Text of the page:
Edge computing and 5G unleash the potential to improve the lives of factory workers, solve growing labor shortages, and contribute to a more sustainable planet.
She drove 30 miles to a single-engine aircraft factory five days a week for 20 years. There she stood for 8 hours in a metal building on a concrete floor at her wooden inspection station. Anti-fatigue mats and high-tech “standing” shoes were not yet invented, and air conditioning was not in the razor-slim budget. In the early winter mornings, her breath lingered, cloudy in the frigid air. By high noon in the summer, the temperatures approached 115 degrees Fahrenheit. Dehydration, migraines, and repetitive stress injuries were her frequent companions.
On her first day, she was issued a set of welding gauges and a small paper handbook. A couple of hours of training later, she was on her own. She inspected the gaps between welded panels at her workbench and inside the narrow confines of fuselages. She rejected those that didn’t conform. The welders sometimes took those rejections personally.
She went up in a plane with the test pilot, just once, to show that she believed in her work and that the rejections were necessary to prevent catastrophe during operations and not personal. Jobs like hers were scarce back then, and she was grateful to have it. That was two generations ago; since then, working conditions have steadily improved in many factories.
Still, manufacturers face difficulties filling openings, and one-fourth of the manufacturing workforce in the U.S. is over age 55. Many factory workers are aging out, while others are leaving for jobs in areas such as professional services, trade, construction, and administrative and support services, according to the U.S. Census Bureau.
Putting data to work for workers
As is the case in many industries, manufacturers are turning to data to help them attract and retain skilled workers with better working conditions and the potential to grow professionally. Two key technologies in the enterprise toolkit making these outcomes possible are edge computing and 5G. These technologies enable manufacturers to gather, analyze and instantly act on information flowing in from devices, sensors, assembly lines, and other data sources in their factories and their supply chains.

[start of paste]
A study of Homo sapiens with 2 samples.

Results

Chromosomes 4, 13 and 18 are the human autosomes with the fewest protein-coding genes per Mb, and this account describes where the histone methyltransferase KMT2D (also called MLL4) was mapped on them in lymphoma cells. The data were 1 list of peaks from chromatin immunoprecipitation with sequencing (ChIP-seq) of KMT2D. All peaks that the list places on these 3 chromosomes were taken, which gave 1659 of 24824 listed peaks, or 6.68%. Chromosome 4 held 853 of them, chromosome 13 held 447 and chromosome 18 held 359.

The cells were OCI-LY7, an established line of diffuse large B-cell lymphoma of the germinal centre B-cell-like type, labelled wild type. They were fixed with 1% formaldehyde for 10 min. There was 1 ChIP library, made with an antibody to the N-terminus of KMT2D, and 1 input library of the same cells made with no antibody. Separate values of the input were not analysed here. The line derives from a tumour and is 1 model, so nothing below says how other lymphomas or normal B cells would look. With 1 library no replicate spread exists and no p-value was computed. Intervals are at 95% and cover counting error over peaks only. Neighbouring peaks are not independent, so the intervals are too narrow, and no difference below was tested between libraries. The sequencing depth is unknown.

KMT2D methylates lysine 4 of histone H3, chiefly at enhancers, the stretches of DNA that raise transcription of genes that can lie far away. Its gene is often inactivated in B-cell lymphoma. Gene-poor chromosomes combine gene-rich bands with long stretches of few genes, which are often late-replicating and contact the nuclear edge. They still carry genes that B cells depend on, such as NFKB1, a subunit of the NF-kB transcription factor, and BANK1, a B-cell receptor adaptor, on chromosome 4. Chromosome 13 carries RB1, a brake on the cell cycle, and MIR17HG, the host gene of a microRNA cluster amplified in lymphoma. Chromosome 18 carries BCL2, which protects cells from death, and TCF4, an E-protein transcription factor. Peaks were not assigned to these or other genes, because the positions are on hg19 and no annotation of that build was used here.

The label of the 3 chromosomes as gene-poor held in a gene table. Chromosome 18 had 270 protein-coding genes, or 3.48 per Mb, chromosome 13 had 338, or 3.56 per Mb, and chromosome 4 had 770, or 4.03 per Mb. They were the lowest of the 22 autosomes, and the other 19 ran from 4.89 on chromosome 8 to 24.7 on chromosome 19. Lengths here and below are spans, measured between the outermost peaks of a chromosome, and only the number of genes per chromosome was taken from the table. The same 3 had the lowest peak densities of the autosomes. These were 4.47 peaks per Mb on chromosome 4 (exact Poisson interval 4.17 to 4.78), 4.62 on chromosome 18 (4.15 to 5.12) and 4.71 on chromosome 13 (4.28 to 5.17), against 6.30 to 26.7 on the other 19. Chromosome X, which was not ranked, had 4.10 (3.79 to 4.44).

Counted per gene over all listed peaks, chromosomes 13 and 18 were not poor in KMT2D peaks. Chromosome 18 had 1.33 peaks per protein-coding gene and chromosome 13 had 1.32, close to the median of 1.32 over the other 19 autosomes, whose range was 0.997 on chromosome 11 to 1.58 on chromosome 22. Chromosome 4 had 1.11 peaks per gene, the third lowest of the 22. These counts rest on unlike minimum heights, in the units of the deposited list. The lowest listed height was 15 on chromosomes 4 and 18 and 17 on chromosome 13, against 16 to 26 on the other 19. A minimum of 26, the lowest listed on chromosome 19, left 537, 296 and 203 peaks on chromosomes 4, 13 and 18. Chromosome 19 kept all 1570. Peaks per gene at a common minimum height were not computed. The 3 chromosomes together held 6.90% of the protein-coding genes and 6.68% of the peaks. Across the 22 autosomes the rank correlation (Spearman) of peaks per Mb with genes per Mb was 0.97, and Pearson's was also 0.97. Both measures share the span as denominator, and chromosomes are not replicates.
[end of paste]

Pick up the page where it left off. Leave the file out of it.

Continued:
Many repetitive tasks, such as visual quality inspections in welding gaps, food products, packaging, and the like, can be automated. Even the welding itself can be improved using self-adjusting high-precision robot arms that learn from feedback based on quality data fed into artificial intelligence/machine learning applications. “Co-bots,” such as autonomous mobile robots, carry parts and assemblies to where they are needed, saving workers time, improving process flows, and reducing physical labor and the risk of injury. Training takes workers into virtual spaces where they can observe and practice new tasks in a safe environment without concern about impacting production operations. Workers can be reminded automatically to don protective gear as they enter higher-risk environments. Materials handling and supply chains can be better managed to achieve cost savings and sustainability.
How manufacturing leaders view edge computing and 5G
I am encouraged by the growing number of manufacturing sites recognized by the World Economic Forum’s Global Lighthouse Network initiative and the new sustainability designation these factories can achieve. These factories are leading the way in collaborating, learning, and adopting transformational technologies, such as edge computing and artificial intelligence, that enable the “Fourth Industrial Revolution.”
Dell Technologies-sponsored research with 350 manufacturing leaders reveals that a vast majority of respondents agree that edge computing and 5G connectivity are essential to manufacturing transformation. The findings also highlight the need for IT and operational technology (OT) teams to work more closely to achieve modernization–the cornerstone of this ongoing “revolution.”
A new era for a new kind of work
The hero of my personal story, my factory worker mom, is nearing the age of 92. When I ask, she reminisces that she actually enjoyed “getting out of the house.” That job, her sacrifice, sent me to college, a rare thing among my cohort. While I was there, a friend offered me a ride in a single-engine plane made at my mom’s factory. I took it.
Today, Mom is (or pretends to be) fascinated by the stories I tell her about how her work is accomplished in factories that rely on data and automation to do hard physical and monotonous work. If she were working today, she might be learning how to build parts from 3D printers, maintaining or helping deploy and train co-bots, or developing artificial reality or virtual reality courses to teach others how to do new tasks.
Factories that are safer for workers and give us more hope for sustaining our planet—these are the factories of the Fourth Industrial Revolution. They are our legacy to our children.